Quotes Book II, Chapters 25–31
For the passions of men, which asunder are moderate, as the heat of one brand; in assembly are like many brands that inflame one another (especially when they blow one another with orations) to the setting of the Commonwealth on fire, under pretence of counselling it.
A crime is a sin consisting in the committing by deed or word of that which the law forbiddeth, or the omission of what it hath commanded. So that every crime is a sin; but not every sin a crime.
Again, there is sometimes in a Commonwealth a disease which resembleth the pleurisy; and that is when the treasure of the Commonwealth, flowing out of its due course, is gathered together in too much abundance in one or a few private men, by monopolies or by farm of the public revenues; in the same manner as the blood in a pleurisy, getting into the membrane of the breast, breedeth there an inflammation, accompanied with a fever and painful stitches.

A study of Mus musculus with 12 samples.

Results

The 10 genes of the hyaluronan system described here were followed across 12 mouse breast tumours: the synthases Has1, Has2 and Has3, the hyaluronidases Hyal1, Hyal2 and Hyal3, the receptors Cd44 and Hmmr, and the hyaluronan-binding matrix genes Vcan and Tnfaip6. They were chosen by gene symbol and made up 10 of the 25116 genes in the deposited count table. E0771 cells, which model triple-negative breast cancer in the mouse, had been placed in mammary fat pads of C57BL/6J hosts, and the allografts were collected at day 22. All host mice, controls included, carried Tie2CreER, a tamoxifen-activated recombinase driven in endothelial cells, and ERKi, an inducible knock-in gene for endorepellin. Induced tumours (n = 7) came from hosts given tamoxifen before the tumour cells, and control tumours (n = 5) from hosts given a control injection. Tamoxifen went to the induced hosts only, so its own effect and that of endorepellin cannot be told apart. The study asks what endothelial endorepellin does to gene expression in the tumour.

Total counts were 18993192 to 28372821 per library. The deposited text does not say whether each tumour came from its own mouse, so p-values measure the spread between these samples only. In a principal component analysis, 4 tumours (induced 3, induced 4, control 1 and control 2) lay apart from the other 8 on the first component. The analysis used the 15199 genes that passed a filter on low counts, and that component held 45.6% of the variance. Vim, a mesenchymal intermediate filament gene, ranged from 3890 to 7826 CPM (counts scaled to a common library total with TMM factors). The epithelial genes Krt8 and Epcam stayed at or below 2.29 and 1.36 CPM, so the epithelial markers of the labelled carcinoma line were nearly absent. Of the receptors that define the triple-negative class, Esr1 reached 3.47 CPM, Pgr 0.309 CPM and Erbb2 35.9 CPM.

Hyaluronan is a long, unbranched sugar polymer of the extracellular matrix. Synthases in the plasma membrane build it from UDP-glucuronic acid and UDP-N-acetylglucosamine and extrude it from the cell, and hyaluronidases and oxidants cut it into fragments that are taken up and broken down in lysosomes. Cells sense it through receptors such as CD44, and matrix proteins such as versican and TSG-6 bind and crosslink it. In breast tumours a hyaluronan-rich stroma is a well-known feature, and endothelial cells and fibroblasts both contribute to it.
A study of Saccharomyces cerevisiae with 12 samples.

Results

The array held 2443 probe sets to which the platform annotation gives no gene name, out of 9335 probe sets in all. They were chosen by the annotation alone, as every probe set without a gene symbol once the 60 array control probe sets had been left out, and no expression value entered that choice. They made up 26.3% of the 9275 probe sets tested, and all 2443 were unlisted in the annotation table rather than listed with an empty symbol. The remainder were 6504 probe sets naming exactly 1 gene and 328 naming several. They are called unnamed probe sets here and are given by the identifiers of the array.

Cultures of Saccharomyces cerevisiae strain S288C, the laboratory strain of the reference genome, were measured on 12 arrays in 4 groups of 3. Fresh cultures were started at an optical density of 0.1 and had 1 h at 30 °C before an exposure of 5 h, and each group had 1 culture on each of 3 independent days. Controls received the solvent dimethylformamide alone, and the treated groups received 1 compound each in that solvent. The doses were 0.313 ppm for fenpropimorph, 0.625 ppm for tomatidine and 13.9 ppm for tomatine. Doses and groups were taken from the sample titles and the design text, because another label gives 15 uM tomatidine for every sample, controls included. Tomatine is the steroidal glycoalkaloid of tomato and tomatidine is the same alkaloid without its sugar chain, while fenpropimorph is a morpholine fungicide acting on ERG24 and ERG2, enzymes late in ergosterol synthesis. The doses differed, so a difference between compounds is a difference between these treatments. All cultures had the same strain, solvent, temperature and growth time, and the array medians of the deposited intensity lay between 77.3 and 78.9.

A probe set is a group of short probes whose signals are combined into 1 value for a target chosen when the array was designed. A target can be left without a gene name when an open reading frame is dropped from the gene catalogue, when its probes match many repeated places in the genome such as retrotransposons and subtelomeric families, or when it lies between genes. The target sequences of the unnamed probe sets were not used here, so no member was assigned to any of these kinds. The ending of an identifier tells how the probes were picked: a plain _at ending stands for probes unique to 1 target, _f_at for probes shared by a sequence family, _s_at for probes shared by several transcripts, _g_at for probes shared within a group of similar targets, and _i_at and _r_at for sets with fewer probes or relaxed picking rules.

The safety of the people requireth further, from him or them that have the sovereign power, that justice be equally administered to all degrees of people; that is, that as well the rich and mighty, as poor and obscure persons, may be righted of the injuries done them; so as the great may have no greater hope of impunity, when they do violence, dishonour, or any injury to the meaner sort, than when one of these does the like to one of them: for in this consisteth equity; to which, as being a precept of the law of nature, a sovereign is as much subject as any of the meanest of his people.
Unnecessary laws are not good laws, but traps for money which, where the right of sovereign power is acknowledged, are superfluous; and where it is not acknowledged, insufficient to defend the people.